8 Million Stories: Remembering Phife Dawg, The Five Foot Assassin

In a game brimming with guys angling to be point guard, Phife coolly played forward, posting up killer verses and earworm choruses when needed, bounce passing lines back at Q-Tip for the greater good of the song.
March 24, 2016, 2:34pm

Photo by RXCH DRVY

The 21st Century feels like the twilight of the rap group; the incentive for rappers to form these kinds of partnerships dwindles as the returns from recording and touring do. Maybe it’s easier to go it alone. Maybe no one wants to cede the spotlight. It shows in the collaborations. So many feel calculated… assembled… rappers elevating themselves but rarely each other. Helping others shine on the mic is a dying art. The loss of Phife Dawg from A Tribe Called Quest this week drives this home especially poignantly. Phife was a great rapper on his own, but more than that, he was one of the form’s greatest team players. In a game brimming with guys angling to be point guard, Phife coolly played forward, posting up killer verses and earworm choruses when needed, bounce passing lines back at Q-Tip for the greater good of the song.

Phife flipped the larger-than-life bravado of rap stardom in on itself, both in the way he didn’t seem to crave the spotlight and in his routine ranking on his own skin and height. Phife peppered Tribe’s righteous rhymes and boasts with a mile-wide streak of self-ridicule. (“The height of Mugsy Bogues, complexion of a hockey puck.”) In Midnight Marauders’ good-day-gone-horribly-wrong narrative “8 Million Stories” he gets robbed on the street but snarks that he didn’t even have two dollars in his pocket for them. He announces a crush on Dawn Robinson from En Vogue in “Oh My God,” then notes humbly that she probably doesn’t care. Phife’s sillier impulses complemented Q-Tip’s headier style perfectly, not quite punctuating Tip’s thought provoking yarns with comic relief so much as grounding them in everyday struggles. Q-Tip enriched us, but Phife was one of us.

Q-Tip would go down as the enduring star of A Tribe Called Quest as his solo and production work kept him afloat (while his partner-in-rhyme released excellent but frustratingly unheralded music on his own), but Phife never met a verse he didn’t try to pulverize. His storytelling gripped with methodical pacing. (“Went to Carvel to get a milkshake / This honey ripped me off for all my loot cakes,” “1988, senior year at Garvey High / Where all the guys were corny but the girls were mad fly.”) His punchlines were unshowy but brutally funny. (“The madman Malik makes MCs run for Milk of Magnesia / Maybe that’ll ease ya,” “I float like gravity, never had a cavity / Got more rhymes than the Winans got family.”) Saddled with the unenviable opening slot on “Scenario,” the legendary Low End Theory posse cut that rises to a world-beating Busta Rhymes guest appearance, Phife carries the energy from zero to a hundred off top with a baseball joke (“Bo knows this, Bo knows that / But Bo don’t know jack cause Bo can’t rap”) and never lets up. He was great at turning sticky situations into gold.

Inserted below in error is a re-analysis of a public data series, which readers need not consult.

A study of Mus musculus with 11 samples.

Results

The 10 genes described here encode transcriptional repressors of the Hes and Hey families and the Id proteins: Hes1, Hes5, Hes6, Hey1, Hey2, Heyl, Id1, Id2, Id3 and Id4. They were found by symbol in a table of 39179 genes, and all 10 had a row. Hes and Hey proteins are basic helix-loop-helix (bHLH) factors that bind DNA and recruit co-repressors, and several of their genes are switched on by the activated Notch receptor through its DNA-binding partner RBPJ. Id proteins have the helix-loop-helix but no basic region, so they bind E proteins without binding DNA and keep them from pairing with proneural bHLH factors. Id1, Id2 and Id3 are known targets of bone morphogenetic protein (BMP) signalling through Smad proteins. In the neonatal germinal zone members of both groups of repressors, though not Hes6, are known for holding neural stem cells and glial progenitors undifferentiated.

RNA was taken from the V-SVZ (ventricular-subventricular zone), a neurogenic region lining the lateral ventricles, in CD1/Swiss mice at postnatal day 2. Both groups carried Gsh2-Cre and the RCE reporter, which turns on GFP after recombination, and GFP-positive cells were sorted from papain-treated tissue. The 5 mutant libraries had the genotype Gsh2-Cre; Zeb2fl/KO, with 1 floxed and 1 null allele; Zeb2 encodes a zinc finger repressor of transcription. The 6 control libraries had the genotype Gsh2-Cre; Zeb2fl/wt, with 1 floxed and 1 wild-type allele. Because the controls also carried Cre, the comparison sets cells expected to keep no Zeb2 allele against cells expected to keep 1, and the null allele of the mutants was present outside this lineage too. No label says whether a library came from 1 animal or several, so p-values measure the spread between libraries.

This went for health as well. Phife was diagnosed with diabetes as a teenager and took to calling himself “the funky diabetic,” owning his condition as proudly as he did his Trinidadian roots and Queens upbringing. “I found out I was diabetic the month after the first album came out,” Phife said in a heartbreaking 2010 Okayplayer interview, “so I thought my career was gonna be derailed from then, but I stayed with it. I stayed touring.” It’s hard to eat well while criss crossing the country, though, and diabetes is only managed through steadfast dietary restrictions. Phife’s time on the road with Tribe endeared him to the masses at the cost of much of his well-being. By the mid-2000s he would fall into a strenuous dialysis regimen and a series of transplants of failing kidneys.

Phife Dawg is gone now, but his work is seeded in the very bedrock of hip-hop. A Tribe Called Quest’s influence has trickled down through the ages, and you can see shades of Phife’s sharp wit and self-effacing sense of humor in avowed fans like Mac Miller and Kanye West, the latter of whom would strike up a working relationship with auxiliary Tribe member Consequence early in his rap career and reform the group to open two shows on the Yeezus tour that would prove to be their last. Phife was dedicated to the song and the craft, to the good of the group as much as himself. The mold is broken. We won’t see its like again. But let’s take time at last out to give one of rap’s most selfless support players his due, and push the man and his work out into the spotlight he deserved all along.

Craig never thought the day would come that he would sob through "Scenario," but here we are. Follow him on Twitter.